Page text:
A photograph captures a moment from our lives, perfectly framed and defying the hands of time. Motion photography defies some of the standard rules and if you don’t know the basics of capturing motion, you miss the moment at the blink of an eye.
Sometimes instead of freezing a moment, we’d like to show the movement that we sometimes crave as an afterthought from still photographs. The storytelling element makes photographs showing motion that much more interesting. As a little knowledge can go a long way, we’ll look at some basics on capturing motion in photography and simple tips to help you make the right calls.
Why capture motion?
To be brief, motion photography is about showing movement. Adding a slight blur of the action to your shot helps tell a story. This storytelling element makes the images a little less static and unexpected.
Another reason why showing movement stands out is because it sets the mood. Whereas a photograph of a car frozen in time is just a car, the same image with a blurred background and the car being the sole object in focus adds a little bit more depth.
Showcasing movement with blur helps focus attention. Blurring everything but your main subject, as in the image below, eliminates all distractions and really narrows into the focus of the photograph.
Capturing motion can take the form of freezing an action mid air. This is common for sports photographers and is achieved with a high shutter speed and burst mode. The key to freeze motion photography is to capture the movement and showcase a dramatic moment. Our eye naturally fills in the gaps and assigns a particular gesture to these kinds of shots.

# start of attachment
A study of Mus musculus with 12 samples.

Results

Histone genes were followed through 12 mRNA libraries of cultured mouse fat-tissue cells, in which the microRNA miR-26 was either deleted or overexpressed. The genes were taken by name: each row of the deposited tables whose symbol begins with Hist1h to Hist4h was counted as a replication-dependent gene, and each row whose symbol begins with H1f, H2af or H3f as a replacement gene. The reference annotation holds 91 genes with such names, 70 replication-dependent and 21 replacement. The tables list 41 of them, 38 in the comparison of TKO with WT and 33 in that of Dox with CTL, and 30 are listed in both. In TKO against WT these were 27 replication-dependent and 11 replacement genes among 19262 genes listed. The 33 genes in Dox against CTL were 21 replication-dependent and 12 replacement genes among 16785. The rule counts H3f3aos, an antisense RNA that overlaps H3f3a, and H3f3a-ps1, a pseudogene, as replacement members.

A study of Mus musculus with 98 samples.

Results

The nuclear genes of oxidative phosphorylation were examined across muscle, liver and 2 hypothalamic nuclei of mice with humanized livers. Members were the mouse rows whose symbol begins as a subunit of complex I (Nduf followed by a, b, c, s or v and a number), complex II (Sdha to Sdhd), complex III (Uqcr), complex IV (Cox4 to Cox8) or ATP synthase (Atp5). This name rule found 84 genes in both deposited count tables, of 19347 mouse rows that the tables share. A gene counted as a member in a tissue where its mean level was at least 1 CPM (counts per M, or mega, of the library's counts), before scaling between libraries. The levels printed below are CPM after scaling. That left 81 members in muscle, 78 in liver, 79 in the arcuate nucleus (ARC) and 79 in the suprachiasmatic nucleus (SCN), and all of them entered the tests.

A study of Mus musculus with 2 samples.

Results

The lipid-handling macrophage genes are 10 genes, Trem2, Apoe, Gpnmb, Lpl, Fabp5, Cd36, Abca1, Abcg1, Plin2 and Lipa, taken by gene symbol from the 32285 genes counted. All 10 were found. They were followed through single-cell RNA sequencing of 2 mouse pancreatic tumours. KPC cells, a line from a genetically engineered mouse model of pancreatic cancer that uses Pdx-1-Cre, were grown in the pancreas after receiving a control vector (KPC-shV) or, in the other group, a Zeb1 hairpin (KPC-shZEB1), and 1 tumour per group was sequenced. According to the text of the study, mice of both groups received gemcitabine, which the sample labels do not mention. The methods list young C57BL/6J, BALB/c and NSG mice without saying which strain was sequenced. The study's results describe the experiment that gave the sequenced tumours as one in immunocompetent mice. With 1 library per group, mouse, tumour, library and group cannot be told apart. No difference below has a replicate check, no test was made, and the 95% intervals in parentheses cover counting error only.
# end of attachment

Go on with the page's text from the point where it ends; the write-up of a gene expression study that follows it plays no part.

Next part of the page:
Freeze motion shots can also be fun to experiment with at home, like photographing water or other moments that we miss at the blink of an eye. You can use flash settings if you’re doing macro photography and remember to shoot with a purpose, and indicate movement frozen in time.
Motion blur 1 : Blurred subject with background in focus
This type of motion photography is best to show fast moving objects. You’ve probably experimented with this style when shooting streets at night. Using a low shutter speed, you can show fast moving subjects and contrast them against the crisp background. It’s very important to use a tripod so that your camera is steady and you can capture the background well instead of capturing one big blur.
Motion blur 2: Blurred background with subject in focus
The difference between this type of photograph and the previous is that you pan your camera while taking the shot at a low shutter speed. This creates a different type of movement, where you do indicate a moving subject by blurring the background as probably seen from the perspective of your subject.
Essentially, you are matching the movement of your subject and tracking it with your camera to keep it still in the image. This type of photography can be quite powerful and amusing because it captures the things we see but don’t necessarily register with our mind; it allows us to ‘see’ the motion and adds an abstract quality to the shot.
Use a tripod to avoid your whole image being blurred. Make sure you can move your camera and track subjects while keeping your camera leveled. It takes a little bit of practice.
A slightly more advanced technique is action sequencing. You will have to put in a little work in post processing but it is worth the effort for unique shots showing movement. Essentially you are creating multiple freeze action shots and compiling them together.
You need a steady tripod, and stay in one spot to capture multiple shots of an action sequence. Later, you can merge the frames and show the different intervals of the action.
Deciding which one of the different techniques to use is really about what you’re trying to communicate. You will have to take lots of practice shots and experiment with lighting conditions, shutter speeds and flash. Even with a tripod, capturing motion can take time and many test shots. Don’t get disheartened and persevere!